Ryan Murphy Does Not Want You to Know What His New FX Drama Is About


FX's lengthy press release for American Horror Story contains quotes from Murphy, Falchuk and FX chief John Landgraf. There's a whole paragraph dedicated to making sure everyone knows Murphy and Falchuk are still fully devoted to Glee ("We haven't taken our eyes off that ball for a second," Murphy preemptively explains). But what's not in the nearly 600-word release is a description of just what American Horror Story is about. When Vulture asked an FX rep if there was a logline for the show, we were told simply, "There is not." About the only clues to the show's plot are the title (it's probably not a rom-com!) and this hint from Falchuk's press-release quote: "John immediately got what we were trying to do, which was bring the horror genre to television but with our own subversive sensibilities." So maybe it's Saw meets Rocky Horror?

By shrouding the project's plot in secrecy, of course, Murphy and Falchuk are brilliantly beginning the marketing campaign for the series (and yes, we know FX is only calling this a pilot, but if you're FX and you just struck out with Terriers and are struggling with Lights Out, are you going to say no to a Ryan Murphy show? No, you are not). Just as J.J. Abrams and Steven Spielberg kept the lid on the logline for Super 8, Team Murphy is very likely trying to create a sense of mystery around American Horror Story.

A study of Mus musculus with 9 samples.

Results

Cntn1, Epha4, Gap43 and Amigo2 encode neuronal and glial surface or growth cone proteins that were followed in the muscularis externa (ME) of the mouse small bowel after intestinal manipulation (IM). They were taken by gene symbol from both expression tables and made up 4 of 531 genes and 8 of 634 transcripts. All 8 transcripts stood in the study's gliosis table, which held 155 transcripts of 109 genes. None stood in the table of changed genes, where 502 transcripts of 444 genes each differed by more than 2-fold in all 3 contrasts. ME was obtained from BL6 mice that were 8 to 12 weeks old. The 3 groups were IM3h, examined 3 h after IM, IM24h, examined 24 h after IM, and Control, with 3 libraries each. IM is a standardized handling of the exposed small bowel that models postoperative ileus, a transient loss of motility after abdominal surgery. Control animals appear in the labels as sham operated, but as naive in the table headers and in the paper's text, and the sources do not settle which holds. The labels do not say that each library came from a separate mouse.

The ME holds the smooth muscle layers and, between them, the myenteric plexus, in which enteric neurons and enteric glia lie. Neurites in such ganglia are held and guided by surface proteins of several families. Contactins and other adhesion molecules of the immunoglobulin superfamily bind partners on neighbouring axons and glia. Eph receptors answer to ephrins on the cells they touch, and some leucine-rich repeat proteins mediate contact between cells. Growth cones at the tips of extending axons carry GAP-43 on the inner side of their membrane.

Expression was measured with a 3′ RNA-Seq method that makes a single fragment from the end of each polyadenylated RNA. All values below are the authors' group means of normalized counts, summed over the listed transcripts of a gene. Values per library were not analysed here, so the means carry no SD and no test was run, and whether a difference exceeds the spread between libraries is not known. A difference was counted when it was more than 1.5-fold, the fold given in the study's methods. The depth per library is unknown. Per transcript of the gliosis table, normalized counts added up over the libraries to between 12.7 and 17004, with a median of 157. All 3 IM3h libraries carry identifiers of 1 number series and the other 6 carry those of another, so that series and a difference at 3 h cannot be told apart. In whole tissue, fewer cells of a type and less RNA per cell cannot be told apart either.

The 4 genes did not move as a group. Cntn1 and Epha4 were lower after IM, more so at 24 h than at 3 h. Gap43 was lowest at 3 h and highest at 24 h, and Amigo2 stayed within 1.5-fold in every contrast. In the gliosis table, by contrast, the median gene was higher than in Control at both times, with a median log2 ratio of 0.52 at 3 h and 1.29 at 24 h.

Look for details about the show to leak out quickly, however: It's one thing for Abrams and Spielberg to threaten jihad on any agent or actor who dares spill even a single bean about Super 8. There are too many players involved in the making of a TV show, however, for word not to get out about this project, particularly since it'll have to be cast in just a matter of weeks. And as David E. Kelley found out recently with Wonder Woman, TV scripts are widely circulated around Hollywood these days; it wouldn't be shocking to see the Horror script online by week's end. Team Murphy also knows how to work the media, and work it hard: Barely a week goes by without some sort of juicy detail about an upcoming Glee episode or song or controversy hitting the Interwebs. That is not an accident.

In any event, getting Murphy to create a new show is a major win for FX and Landgraf, particularly since it seemed the producer's next project was headed for Fox. Last September, word leaked out that Murphy and 24 producer Howard Gordon were putting together a show about phobias for Fox. But as Vulture first told you last week, Gordon is now exec producing Kyle Killen's NBC pilot REM instead, while Murphy has decided to focus on American Horror Story.